Rafia Zakaria has a great piece on The White Tourist’s Burden for Al Jazeera America:
In recent years, the ethics of voluntourism, especially its underbelly of exploitation, have been questioned by academics and activists alike. Most of the debate, however, is limited to questioning whether volunteer vacations do more harm than good or how it promotes stereotypes that fuel the engines of a burgeoning white-savior industrial complex.
Typically other people’s problems seem simpler, uncomplicated and easier to solve than those of one’s own society. In this context, the decontextualized hunger and homelessness in Haiti, Cambodia or Vietnam is an easy moral choice. Unlike the problems of other societies, the failing inner city schools in Chicago or the haplessness of those living on the fringes in Detroit is connected to larger political narratives. In simple terms, the lack of knowledge of other cultures makes them easier to help.
Rafia Zakaria’s article partially answers why Amanda Peet went all the way to Kenya to advocate for vaccines instead of visiting the 1.6 million Americans that don’t have indoor plumbing according to Pew Research, for example.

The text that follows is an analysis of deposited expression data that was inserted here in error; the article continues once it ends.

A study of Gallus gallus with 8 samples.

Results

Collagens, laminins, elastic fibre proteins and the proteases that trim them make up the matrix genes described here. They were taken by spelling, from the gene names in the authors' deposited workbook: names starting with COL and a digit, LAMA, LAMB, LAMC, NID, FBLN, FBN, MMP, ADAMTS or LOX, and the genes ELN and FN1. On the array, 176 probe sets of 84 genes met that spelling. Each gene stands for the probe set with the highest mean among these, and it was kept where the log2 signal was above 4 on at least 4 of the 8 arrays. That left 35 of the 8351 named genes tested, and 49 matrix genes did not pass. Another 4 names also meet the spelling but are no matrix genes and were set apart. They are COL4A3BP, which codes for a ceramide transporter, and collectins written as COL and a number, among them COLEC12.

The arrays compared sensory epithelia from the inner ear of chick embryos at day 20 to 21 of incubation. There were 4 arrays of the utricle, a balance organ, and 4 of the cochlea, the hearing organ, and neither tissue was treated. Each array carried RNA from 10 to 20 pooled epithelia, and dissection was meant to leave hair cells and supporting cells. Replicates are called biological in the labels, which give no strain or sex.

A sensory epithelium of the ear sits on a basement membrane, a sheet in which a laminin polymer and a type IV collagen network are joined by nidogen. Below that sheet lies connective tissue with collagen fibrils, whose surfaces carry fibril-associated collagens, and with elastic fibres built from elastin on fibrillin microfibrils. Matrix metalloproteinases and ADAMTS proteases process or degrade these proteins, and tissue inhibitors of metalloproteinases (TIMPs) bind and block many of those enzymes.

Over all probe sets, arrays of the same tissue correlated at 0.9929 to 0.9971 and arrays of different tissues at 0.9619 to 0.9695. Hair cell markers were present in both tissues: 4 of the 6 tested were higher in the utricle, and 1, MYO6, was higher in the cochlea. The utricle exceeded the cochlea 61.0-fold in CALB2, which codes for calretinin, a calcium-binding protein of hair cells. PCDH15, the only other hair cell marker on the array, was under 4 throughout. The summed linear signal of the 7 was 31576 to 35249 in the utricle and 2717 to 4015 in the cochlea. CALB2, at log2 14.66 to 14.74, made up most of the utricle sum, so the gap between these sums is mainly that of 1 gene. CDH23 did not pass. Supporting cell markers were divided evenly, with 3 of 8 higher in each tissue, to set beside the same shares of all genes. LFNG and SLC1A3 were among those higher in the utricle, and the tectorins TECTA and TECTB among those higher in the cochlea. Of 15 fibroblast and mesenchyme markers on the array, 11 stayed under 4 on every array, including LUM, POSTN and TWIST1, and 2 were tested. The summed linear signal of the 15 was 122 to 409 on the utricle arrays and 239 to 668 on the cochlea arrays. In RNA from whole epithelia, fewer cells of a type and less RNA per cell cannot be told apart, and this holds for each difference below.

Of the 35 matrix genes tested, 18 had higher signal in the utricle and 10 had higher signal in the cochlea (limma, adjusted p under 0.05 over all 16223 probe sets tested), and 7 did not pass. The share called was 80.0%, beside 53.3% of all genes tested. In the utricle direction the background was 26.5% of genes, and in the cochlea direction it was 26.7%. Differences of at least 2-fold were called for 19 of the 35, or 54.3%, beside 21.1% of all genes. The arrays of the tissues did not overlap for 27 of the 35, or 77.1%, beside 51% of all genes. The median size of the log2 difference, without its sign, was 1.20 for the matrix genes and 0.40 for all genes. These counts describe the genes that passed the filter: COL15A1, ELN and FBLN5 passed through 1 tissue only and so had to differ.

Amanda Peet,writing for Global Moms Relay at Huffington Post on her trip to Kenya:
When I went to the villages outside Kisumu I met mothers who had walked for miles, and waited for hours in long lines to get their infants vaccinated. Some of the mothers made the choice to become health workers as well and spent their time going door to door to alert families that a vaccination campaign was coming to their village.
While I support Shot@Life’s efforts on vaccination, my criticism is aimed at all of us. The use of celebrities as spokespeople is a gaming tactic to get us to pay attention to an issue we otherwise gloss over. My mother participated in the Global Mom’s Relay with this piece she wrote last year, but I am quite sure no one paid attention to it compared to the many people who will pay attention to photos of Amanda Peet surrounded by smiling and grateful Kenyans. I suppose that’s the inevitable small price to pay for moving the needle forward on global health issues.
However, that small success doesn’t absolve the profitable voluntourism industry from its shortcomings.